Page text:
The church consists of a nave and chancel with north and south aisles and porches and a west tower. The chancel is around 28 feet by 18 feet with the nave adding around 44 feet in the same width. The aisles add around 10 feet and the tower is around 11 feet square and some forty feet in height.
There is evidence of a church on this site dating from C11 but the present building dates to C13. The aisles were altered in C14 and C15 with the tower being added in C15 along with the clerestory. Built of flint rubble and local Totternhoe stone, the church was rendered originally in 1774 at a cost of £29 7s giving the church its present appearance. An image of the church from the mid C19 shows a small pyramid roof and spike spire on the tower but these were removed in later C19 restorations.
The south aisle has windows to the east and two to the south either side of the porch.
The east window in the aisle is quite large for its location and its encroachment on the chancel wall indicates either a new insertion or repositioning in the aisle during the alterations to the aisle in C15. It is of three cinquefoiled lights under a square head.
The south-east window is a modern restoration of a C14 window and is of two short trefoiled lights under a square head. The south-west window is taller and dates originally from C15 and is of two cinquefoiled lights again under a square head without a hood-mould.
The south porch is modern with single light windows to the east and west.
The clerestory above the nave was added in C15 and has just two two-light cinquefoiled windows under square heads on the south and a similar window on the north along with a simpler modern window at the east.
The west end of the south aisle shows evidence of the rebuilding work in C15 with a clear outline of an earlier construction and indeed evidence of changes to the roof line at later times.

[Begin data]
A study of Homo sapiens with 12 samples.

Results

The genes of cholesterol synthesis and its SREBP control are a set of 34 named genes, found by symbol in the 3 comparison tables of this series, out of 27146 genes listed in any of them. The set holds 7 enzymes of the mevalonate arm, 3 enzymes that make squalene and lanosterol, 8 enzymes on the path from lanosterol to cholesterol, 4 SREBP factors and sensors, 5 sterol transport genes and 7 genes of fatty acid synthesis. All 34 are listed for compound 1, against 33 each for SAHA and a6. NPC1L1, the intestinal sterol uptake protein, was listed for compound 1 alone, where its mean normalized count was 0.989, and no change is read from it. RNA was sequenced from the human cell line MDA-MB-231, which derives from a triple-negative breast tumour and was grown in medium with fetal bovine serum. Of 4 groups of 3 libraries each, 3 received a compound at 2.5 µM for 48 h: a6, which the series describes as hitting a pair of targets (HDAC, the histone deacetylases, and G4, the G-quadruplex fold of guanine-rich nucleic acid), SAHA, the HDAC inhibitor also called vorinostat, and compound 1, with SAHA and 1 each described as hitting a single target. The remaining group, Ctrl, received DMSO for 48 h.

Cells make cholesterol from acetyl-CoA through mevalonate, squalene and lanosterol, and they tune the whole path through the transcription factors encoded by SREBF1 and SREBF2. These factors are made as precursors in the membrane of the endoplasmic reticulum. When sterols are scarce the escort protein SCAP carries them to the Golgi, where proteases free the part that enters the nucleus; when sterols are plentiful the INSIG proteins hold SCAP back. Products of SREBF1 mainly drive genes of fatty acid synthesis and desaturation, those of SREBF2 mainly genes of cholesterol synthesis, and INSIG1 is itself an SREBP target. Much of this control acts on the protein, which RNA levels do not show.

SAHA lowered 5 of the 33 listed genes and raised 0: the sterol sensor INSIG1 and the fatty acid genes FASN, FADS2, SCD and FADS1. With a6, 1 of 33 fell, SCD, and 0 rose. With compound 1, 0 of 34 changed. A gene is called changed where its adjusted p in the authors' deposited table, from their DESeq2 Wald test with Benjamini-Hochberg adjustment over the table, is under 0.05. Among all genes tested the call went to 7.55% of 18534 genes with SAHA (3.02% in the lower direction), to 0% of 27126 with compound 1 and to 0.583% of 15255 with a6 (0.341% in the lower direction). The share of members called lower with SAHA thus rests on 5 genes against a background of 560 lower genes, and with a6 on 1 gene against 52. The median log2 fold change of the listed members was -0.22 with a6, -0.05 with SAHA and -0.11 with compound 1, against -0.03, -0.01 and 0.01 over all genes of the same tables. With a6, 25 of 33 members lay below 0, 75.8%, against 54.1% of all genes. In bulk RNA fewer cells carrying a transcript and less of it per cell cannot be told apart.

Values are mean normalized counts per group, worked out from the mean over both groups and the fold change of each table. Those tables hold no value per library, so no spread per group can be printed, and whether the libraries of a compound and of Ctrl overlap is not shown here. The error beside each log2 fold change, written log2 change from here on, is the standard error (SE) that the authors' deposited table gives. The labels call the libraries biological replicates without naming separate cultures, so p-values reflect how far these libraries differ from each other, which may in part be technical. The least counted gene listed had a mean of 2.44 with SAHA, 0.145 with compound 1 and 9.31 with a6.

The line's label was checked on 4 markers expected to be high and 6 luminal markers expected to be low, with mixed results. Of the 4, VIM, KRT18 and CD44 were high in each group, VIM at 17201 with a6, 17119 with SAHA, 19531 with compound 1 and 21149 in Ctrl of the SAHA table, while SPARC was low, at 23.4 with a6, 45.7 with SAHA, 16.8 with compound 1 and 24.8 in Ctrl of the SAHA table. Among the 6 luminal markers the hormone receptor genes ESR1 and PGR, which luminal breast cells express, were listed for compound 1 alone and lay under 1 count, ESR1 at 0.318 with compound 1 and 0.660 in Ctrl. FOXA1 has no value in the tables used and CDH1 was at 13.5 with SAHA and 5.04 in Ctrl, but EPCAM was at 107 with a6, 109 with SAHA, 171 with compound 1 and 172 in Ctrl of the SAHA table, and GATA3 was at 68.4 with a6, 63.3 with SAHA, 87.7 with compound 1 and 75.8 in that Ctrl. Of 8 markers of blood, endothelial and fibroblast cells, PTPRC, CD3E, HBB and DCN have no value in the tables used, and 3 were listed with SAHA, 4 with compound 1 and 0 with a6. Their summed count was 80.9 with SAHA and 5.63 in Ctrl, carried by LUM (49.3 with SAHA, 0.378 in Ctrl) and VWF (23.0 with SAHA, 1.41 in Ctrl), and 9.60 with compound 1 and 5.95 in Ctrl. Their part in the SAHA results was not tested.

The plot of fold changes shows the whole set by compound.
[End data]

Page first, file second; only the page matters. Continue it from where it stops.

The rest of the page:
The tower is of three stages with buttresses to the west. The parapet is embattled, the only part of the church so adorned. The belfry openings are deeply recessed two cinquefoiled lights under square heads. There is a simple square headed single light window in the west face.
The windows on the north aisle unusually form a different arrangement to those on the south with one to the west of the north porch and two to the east.
The two windows surrounding the north porch are of similar design with two trefoiled lights with quatrefoil tracery above under basically square heads. The south-east window is of three cinquefoiled lights under a square head.
To the north side of the chancel is an extension, presumably a vestry, with a window of two cinquefoiled lights under a square head. The other window in the north wall of the chancel is shorter but of similar design.
The east window is of three cinquefoiled lights with perpendicular tracery above under a two-centred arch.
The south side of the chancel has two windows surrounding the priest’s door.
The eastern window is similar to those on the north side with two cinquefoiled lights under a square head. The western window is a plain single uncusped light under a square head.